New Mexico’s 2014 wildfire season seems to have fizzled out, but the danger is not entirely behind us.
New Mexico State Forestry spokesman Dan Ware said favorable weather combined with a public awareness of fire prevention practices has reduced the number of fires this year. “I don’t want to say that we are out of the woods yet,” he cautioned.
Some New Mexicans can legally light their fireworks this Independence Day.
There is no statewide ban on fireworks but nearly all New Mexico counties have banned them in unincorporated areas this year because of extra dry weather. For many counties, the ban went into effect weeks ago.
In Bernalillo County, Fire Marshal Chris Gober will be working this 4th of July and he said fireworks make his job harder.
The Chairman of the Federal Communication Commission, the agency that regulates communications industries, is coming to Albuquerque next week to hear from young people about what media issues are important to them.
President Barack Obama held a press conference Thursday in Washington D.C. He announced that his repeated promise, that people who liked their current insurance plans could keep them, was made in good faith and will be honored. Then reporters pressed him over a flawed rollout of the Affordable Care Act.
On Monday Blue Cross Blue Shield of New Mexico announced its plan to buy the Lovelace Health Plan by year’s end. The sale will not include any of Lovelace’s hospitals, clinics, or pharmacies.
The companies have an agreement that will allow Lovelace Health Plan members to transition into BCBS coverage. A term of the arrangement will allow LHP members to continue to go to Lovelace doctors and facilities.
Tres Lagunas. Thompson Ridge. Silver. Jaroso. These are the familiar names of the massive wildfires that burned rural parts of New Mexico in 2013. Although nearly 200 thousand acres burned here this year, the loss of property was relatively minimal. But CoreLogic, an international analytics company that specializes in real estate, says the next fire could be closer to home.
On October 23, 2013, the New Mexico Supreme Court spent two hours in front of a full courtroom hearing oral arguments from petitioners that think New Mexico should embrace same-sex marriage and respondents who think that marriage should be a heterosexual affair.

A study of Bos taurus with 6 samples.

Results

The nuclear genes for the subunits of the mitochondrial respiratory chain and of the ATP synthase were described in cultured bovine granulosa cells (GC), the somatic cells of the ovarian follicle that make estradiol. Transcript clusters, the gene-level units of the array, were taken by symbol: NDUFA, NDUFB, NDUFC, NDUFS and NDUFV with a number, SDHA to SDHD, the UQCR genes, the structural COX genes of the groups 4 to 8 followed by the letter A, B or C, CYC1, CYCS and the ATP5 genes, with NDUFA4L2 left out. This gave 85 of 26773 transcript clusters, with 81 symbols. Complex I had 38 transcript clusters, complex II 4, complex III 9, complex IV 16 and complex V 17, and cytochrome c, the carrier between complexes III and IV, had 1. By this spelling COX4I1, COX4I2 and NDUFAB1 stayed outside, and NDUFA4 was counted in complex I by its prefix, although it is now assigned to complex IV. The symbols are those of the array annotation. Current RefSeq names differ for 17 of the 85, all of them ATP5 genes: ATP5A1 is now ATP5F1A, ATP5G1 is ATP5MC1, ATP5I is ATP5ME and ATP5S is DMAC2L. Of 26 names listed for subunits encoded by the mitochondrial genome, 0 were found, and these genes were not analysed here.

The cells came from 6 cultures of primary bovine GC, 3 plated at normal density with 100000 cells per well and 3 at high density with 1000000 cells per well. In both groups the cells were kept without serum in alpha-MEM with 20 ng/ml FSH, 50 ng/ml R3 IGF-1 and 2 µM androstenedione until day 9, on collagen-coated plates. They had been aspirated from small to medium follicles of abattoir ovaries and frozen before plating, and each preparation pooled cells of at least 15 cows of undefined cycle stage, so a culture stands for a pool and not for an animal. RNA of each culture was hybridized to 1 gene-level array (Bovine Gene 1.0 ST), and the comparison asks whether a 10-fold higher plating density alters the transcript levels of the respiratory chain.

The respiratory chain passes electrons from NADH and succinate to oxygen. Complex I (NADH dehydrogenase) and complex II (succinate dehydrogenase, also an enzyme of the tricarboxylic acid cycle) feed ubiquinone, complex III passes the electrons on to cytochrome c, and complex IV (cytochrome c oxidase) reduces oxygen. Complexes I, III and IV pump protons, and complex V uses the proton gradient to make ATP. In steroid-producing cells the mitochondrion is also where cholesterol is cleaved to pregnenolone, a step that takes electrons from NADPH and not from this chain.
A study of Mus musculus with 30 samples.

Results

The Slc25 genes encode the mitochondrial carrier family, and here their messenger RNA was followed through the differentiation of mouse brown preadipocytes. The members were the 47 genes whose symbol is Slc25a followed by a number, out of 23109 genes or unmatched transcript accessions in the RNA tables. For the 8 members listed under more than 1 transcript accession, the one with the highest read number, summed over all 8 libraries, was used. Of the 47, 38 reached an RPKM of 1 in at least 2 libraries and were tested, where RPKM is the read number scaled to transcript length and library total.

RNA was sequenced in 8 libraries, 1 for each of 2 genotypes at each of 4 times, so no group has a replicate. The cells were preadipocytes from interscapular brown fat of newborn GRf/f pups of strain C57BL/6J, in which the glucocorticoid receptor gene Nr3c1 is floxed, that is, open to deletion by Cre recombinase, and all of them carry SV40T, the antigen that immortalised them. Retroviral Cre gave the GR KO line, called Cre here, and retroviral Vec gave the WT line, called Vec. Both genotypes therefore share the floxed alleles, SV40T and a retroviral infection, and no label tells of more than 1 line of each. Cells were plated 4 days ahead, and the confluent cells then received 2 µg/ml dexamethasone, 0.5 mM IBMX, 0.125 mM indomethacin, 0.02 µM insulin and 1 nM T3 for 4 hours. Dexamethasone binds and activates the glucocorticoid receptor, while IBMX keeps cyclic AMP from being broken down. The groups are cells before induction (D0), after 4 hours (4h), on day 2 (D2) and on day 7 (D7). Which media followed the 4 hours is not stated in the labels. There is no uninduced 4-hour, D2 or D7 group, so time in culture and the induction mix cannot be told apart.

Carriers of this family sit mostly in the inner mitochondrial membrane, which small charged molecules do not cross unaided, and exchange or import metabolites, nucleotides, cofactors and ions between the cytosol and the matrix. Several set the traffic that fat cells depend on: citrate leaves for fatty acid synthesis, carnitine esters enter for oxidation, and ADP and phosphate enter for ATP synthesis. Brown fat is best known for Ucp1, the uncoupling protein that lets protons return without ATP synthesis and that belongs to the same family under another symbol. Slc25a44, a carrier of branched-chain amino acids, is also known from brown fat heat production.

The Courts did not issue a decision, and any decision they do issue is not necessarily final. Lawmakers could pass legislation or put the issue to voters as a constitutional amendment.
About a year ago UNM Provost Chaouki Abdallah asked his blog readers, “How do we keep UNM students from dropping out because of financial need, in the face of current and future cuts in state and federal financial aid?”
Ground was broken on the $93 million renovation of the Paseo Del Norte-Interstate 25 interchange on September 5th, but you may not have noticed. Tuesday that will change. Overnight on October 14th barricades will go up and lanes will be blocked as construction shifts into high gear.
According to the New Mexico Department of Transportation the following closures will be in effect by 6 a.m.:
· Westbound Paseo Del Norte will be reduced to two lanes from just before I-25 to the railroad tracks about half a mile west of Jefferson.
Albuquerque will hold its municipal election today, October 8th. On the line are the Mayor's office, several seats on the City Council, and millions of dollars of City-issued general obligation bonds.
The Mayor's Office
Incumbent Mayor Richard Berry (R) will be at the top of the ballot. Berry was chosen at random to head the list of candidates in the 2013 municipal election. Paul Heh (R) and Pete Dinelli (D) are also after the Mayor’s job.
On the eve of a potential federal government shutdown, New Mexicans are preparing for what could be a pervasive shock to families, businesses, and pocketbooks. The pain will not be felt immediately in all cases, although several federally funded organizations are planning to close their doors Tuesday.